3 Keys to Improving Patient Safety During a Pandemic
Since the pandemic began, roles have been moved around within healthcare systems to fill urgent needs. Clinicians have been overworked and fatigued, and all of this disruption has affected patient safety outcomes. Preventable central-line associated bloodstream infections, for example, have risen 51% compared to pre-pandemic rates.
But healthcare systems can take steps to improve patient safety, even during the ongoing COVID-19 pandemic. Progress toward positive change starts with accountability. “Everybody working in the healthcare system is responsible for healthcare safety,” says Michael Ramsay, MD, CEO of the Patient Safety Movement Foundation.
Here’s how you can implement better patient safety standards in your healthcare organization.
1. Foster a Culture of Patient Safety
The No. 1 factor in improving patient safety is embedding practices promoting safety into daily life and culture. Employees are often afraid to speak up when they see or do something wrong for fear of repercussions. Healthcare systems need to encourage employees to share concerns with peers and leadership.
“That culture has to change, and it is changing,” Ramsay says. “Everybody's got to feel empowered to be able to speak up and make a difference to make our hospital safe.” Some healthcare systems have begun implementing good catch awards to incentivize actions that can prevent injuries and infections from occurring.
But cultural change has to start at the top. Consider tying patient safety outcomes to leadership’s financial incentives to signal the priority level you place on patient safety.
2. Set Trends in Transparency
There isn’t enough centralized accountability for patient safety outcomes. Agencies such as the Centers for Medicare and Medicaid Services (CMS) monitor data on patient safety indicators, as do some professional healthcare associations. But to move the needle on patient safety outcomes, there needs to be more accountability and transparency.
Healthcare systems can begin advocating for change by reporting their own data. It’s important to be transparent with patients and not try to hide concerns with safety. Only by being transparent can we begin to resolve underlying problems. “If you did everything that is the best practice and yet still somebody got hurt,” Ramsay says, “then we need to be looking at, ‘How can we make the process better?’”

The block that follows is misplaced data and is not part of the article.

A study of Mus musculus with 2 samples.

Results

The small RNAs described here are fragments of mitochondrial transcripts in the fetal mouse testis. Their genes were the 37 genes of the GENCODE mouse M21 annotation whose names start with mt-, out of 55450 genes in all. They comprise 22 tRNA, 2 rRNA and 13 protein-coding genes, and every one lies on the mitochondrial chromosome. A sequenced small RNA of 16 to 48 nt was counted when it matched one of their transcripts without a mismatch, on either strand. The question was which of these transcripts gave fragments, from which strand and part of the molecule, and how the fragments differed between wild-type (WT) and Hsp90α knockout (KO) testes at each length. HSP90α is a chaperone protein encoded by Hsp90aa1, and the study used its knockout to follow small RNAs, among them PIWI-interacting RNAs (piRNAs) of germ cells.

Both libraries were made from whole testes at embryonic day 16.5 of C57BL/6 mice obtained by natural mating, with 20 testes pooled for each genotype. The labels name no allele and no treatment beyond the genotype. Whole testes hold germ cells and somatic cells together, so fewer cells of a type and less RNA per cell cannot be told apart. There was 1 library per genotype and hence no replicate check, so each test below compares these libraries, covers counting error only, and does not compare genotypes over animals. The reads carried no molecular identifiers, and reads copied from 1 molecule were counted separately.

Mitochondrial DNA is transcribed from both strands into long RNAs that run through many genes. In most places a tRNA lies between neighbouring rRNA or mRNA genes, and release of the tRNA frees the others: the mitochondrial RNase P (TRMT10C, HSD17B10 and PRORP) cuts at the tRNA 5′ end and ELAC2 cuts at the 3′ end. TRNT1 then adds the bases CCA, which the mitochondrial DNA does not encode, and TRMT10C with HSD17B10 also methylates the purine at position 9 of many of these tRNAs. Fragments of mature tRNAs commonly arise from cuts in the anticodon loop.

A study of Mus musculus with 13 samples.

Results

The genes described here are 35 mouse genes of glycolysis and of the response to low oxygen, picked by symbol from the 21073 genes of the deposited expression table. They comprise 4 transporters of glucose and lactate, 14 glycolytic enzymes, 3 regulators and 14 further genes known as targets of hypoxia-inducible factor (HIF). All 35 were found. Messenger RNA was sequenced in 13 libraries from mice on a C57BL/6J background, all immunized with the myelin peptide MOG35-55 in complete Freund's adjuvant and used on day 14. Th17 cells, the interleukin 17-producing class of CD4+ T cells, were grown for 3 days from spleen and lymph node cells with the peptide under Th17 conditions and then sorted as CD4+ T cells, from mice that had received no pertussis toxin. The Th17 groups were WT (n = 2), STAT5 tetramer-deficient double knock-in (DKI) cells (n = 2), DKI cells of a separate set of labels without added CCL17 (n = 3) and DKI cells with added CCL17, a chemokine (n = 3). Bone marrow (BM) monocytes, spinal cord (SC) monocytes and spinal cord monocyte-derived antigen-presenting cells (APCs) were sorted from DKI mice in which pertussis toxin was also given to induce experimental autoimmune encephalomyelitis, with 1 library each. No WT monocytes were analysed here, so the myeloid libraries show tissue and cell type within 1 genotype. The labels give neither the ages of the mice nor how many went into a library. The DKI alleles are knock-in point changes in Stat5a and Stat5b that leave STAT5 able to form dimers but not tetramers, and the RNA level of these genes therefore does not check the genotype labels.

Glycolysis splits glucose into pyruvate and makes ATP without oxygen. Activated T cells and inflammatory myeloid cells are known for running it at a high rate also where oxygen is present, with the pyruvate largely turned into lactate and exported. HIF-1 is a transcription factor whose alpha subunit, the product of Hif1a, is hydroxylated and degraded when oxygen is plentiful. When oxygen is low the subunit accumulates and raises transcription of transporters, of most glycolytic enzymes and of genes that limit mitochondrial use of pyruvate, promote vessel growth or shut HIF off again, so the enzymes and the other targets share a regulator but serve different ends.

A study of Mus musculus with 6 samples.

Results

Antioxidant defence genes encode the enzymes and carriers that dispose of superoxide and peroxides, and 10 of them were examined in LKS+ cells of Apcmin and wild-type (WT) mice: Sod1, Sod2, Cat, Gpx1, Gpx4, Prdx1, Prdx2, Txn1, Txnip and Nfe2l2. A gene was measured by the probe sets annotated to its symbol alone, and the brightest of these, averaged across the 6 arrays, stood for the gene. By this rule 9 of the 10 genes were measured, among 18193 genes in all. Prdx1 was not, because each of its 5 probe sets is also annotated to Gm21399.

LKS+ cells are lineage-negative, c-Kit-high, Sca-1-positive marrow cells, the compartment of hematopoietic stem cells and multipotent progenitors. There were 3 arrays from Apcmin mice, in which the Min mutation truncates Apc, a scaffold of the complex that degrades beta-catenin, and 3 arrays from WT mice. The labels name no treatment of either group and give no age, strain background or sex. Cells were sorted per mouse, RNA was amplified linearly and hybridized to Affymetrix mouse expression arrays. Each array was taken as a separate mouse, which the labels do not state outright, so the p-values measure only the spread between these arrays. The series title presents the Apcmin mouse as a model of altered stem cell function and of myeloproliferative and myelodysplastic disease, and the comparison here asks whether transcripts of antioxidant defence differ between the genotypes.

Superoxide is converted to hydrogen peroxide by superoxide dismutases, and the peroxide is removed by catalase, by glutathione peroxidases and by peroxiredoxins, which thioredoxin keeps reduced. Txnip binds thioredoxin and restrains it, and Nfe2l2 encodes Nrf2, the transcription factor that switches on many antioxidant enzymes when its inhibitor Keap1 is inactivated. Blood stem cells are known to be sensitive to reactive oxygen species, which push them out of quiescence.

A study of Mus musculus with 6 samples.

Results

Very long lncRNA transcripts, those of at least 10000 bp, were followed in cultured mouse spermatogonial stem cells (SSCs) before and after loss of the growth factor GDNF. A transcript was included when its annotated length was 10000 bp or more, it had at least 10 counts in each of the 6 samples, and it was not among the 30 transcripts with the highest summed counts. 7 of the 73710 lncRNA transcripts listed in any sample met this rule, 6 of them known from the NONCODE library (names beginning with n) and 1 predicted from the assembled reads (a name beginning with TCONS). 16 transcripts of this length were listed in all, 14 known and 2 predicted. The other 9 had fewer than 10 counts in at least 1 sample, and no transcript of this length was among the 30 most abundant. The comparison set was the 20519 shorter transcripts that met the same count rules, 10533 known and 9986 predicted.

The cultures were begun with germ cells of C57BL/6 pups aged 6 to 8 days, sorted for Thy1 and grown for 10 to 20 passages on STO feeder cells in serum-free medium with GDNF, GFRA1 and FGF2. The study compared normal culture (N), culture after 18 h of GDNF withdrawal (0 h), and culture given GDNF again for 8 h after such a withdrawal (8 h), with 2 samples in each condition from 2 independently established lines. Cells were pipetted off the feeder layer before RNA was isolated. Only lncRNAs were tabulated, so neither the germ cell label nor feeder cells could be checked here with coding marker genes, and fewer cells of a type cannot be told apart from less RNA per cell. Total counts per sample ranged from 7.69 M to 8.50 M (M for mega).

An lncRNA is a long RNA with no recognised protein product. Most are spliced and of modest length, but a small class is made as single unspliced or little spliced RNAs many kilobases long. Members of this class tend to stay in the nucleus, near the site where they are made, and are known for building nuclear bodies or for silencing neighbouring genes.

Analyze data internally to determine where to focus to be able to make the most significant improvements. “Segmenting data has been a big opportunity,” says Helen Macfie, Chief Transformation Officer at MemorialCare Health System.
Black maternal mortality rates have been a pervasive patient safety problem across the U.S. Macfie and her team used segmented data as a starting point for improving labor and delivery outcomes for Black mothers in their care.
3. Improve People Policies and Processes
People policies can have a huge impact on patient safety. Understaffing and burnout have been significant concerns during the pandemic. “In March of 2020, we created a set of principles under which we would operate,” Macfie says. “The first one is keeping our staff and physicians safe so that we can take care of our patients.”
That framing principle has helped prioritize healthy staffing and other actions that support better patient safety.
Implement background screening software to catch red flags in potential employees, and dedicate additional resources to training contractors, travelers and per diem staff on your policies and procedures, Macfie says.
Improving patient safety outcomes won’t happen overnight. Reaching the goal requires commitment to monitoring and supporting progress. “We continue to have our quality committee and quality review processes in place,” Macfie says, “to take a look at our data and make sure that we’re sustaining all of those gains.”